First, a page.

There's much debate at the moment about the right to silence.
There always is when something absolutely tragic happens and no one wants to talk about it.
Of course I'm referring to the 4-year-old boy who was beaten so badly that according to Detective Inspector Mike Foster even if he does recover he will likely to be severely disabled.
Foster also said the injuries are some of the most severe he has seen involving a child in 30 years of policing.
Just reading it makes you want to weep. It also means that if he does recover he might not be able to tell anyone who beat him to within an inch of his life.
He has been silenced.
• Lizzie Marvelly: Middle NZ - Just what does it mean?
• Premium - Middle NZ: What goes around comes around
• Middle NZ: The joys of holidays
• Premium - Middle NZ: Health board popular choice
According to Wikipedia: "The right to silence is a legal principle which guarantees any individual the right to refuse to answer questions from law enforcement officers or court officials. ... This can be the right to avoid self-incrimination or the right to remain silent when questioned."
Surely when it comes to our children this law is an ass.
The Children's Commissioner Andrew Becroft has also called for the right to silence to be abolished. He said "the fact you might incriminate yourself isn't a reason for not talking". So true.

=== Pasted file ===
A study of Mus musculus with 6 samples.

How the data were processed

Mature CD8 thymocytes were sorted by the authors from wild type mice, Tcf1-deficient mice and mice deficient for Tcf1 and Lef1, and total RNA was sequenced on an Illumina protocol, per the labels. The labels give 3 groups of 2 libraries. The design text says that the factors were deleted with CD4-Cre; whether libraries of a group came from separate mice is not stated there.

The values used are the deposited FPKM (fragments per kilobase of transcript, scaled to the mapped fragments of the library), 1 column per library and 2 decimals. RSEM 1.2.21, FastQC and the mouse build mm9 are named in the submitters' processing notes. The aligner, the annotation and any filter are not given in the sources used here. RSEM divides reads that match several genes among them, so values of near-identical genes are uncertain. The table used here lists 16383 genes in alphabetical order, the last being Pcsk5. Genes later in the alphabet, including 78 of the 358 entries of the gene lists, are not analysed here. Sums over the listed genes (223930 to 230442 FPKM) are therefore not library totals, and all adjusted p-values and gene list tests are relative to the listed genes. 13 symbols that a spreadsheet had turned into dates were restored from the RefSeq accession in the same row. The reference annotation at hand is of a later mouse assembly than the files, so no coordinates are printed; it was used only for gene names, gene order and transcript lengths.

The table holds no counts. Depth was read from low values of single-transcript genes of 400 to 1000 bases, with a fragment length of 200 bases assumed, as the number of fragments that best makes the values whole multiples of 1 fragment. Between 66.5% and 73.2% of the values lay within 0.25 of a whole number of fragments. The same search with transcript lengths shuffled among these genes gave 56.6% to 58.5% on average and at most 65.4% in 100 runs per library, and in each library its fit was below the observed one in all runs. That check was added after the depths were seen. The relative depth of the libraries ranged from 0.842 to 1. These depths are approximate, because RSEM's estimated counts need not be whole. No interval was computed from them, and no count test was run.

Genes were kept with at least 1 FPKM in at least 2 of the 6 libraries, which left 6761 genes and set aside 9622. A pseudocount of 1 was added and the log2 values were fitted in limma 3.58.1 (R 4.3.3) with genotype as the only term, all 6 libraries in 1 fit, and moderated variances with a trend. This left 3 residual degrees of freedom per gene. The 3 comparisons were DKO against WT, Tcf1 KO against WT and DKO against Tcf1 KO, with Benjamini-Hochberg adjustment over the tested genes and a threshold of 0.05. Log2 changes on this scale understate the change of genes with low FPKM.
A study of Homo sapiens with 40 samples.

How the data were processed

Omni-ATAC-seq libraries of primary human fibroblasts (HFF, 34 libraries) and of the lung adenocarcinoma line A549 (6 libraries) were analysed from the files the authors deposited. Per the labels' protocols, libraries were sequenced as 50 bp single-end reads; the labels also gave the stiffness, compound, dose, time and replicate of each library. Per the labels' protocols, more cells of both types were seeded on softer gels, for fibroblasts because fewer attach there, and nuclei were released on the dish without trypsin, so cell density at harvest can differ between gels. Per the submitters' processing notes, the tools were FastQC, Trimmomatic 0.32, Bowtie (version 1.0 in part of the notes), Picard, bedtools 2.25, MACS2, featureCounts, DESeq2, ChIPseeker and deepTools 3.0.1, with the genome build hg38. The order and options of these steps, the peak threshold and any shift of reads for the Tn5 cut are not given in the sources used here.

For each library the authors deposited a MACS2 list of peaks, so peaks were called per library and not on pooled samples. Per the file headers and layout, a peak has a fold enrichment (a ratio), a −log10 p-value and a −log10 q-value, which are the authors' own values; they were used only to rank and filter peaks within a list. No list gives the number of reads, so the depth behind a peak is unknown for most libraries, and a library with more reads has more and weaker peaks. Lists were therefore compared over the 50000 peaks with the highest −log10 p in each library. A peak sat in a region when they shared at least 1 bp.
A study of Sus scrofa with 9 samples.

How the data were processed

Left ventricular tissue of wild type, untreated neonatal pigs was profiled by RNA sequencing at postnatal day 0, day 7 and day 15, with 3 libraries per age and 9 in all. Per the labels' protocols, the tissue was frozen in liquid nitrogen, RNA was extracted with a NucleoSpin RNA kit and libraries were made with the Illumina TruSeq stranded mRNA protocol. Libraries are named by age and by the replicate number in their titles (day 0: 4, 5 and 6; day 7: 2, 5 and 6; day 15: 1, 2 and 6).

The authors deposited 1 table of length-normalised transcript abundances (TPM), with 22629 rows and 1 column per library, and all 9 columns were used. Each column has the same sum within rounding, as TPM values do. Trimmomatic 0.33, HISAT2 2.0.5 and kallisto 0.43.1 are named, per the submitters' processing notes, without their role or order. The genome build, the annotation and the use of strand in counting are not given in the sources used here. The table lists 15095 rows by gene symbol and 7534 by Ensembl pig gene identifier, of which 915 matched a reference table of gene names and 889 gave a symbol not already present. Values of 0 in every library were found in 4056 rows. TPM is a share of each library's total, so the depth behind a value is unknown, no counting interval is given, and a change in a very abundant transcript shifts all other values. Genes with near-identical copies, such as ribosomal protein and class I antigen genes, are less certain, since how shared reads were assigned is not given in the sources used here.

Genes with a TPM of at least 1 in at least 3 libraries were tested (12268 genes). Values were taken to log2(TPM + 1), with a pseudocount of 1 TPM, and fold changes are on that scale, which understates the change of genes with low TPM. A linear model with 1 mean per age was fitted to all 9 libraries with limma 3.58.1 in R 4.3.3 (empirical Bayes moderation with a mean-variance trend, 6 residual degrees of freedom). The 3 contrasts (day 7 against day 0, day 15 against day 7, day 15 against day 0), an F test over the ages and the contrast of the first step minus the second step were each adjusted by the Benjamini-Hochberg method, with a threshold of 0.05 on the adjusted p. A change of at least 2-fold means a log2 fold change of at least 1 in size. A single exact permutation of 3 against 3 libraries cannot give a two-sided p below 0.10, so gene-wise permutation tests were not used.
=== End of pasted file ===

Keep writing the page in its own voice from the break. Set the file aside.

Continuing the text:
Same thing happened with the Kahui twins. They had no one to speak for them and after their deaths the family closed ranks and although there was a trial no one was ever held accountable for their deaths. No justice for those babies. Tragic.
Perhaps the law could be adjusted so that anyone who cares for children under the age of 10 does not have the right to silence in the event that the child is a victim of abuse.
Something has to change because the law as it stands is not looking after our children.
While we are on the subject of silence I think we all need to have a look at ourselves.
I don't believe for a minute that there weren't signs that this wee boy was being abused.
If only someone had spoken up for him before this happened, if only someone had taken his hand and asked him if he was okay, if only someone had taken the time to sit with him and talk about what was happening in his life, maybe this wouldn't have happened.
As Hawke's Bay Today has reported Oranga Tamariki had previously been involved with the family. To what extent we don't know and we don't really need to know.
What we do need to know is who is responsible for beating this defenceless child in what has been described as a prolonged attack — so whoever did it can't use anger as an excuse. This wasn't someone lashing out, this was deliberate and prolonged and I just can't imagine what that child went through.
Understandably there's a lot of anger in the community. Police have called for calm and rightly so. We need to trust them to do their job.
They know what questions to ask, they know who to question.
There have also been some pretty nasty comments aimed at the family on social media. Again I understand the frustration but abusing people is not the answer.
The saddest thing about this is that we know it's going to happen again. Somewhere in New Zealand right now there are children being abused.
They don't have a voice, they are silent — too frightened to speak up.
Someone knows what happened in that house — you have a voice — use it.
Linda Hall is assistant editor of Hawke's Bay Today.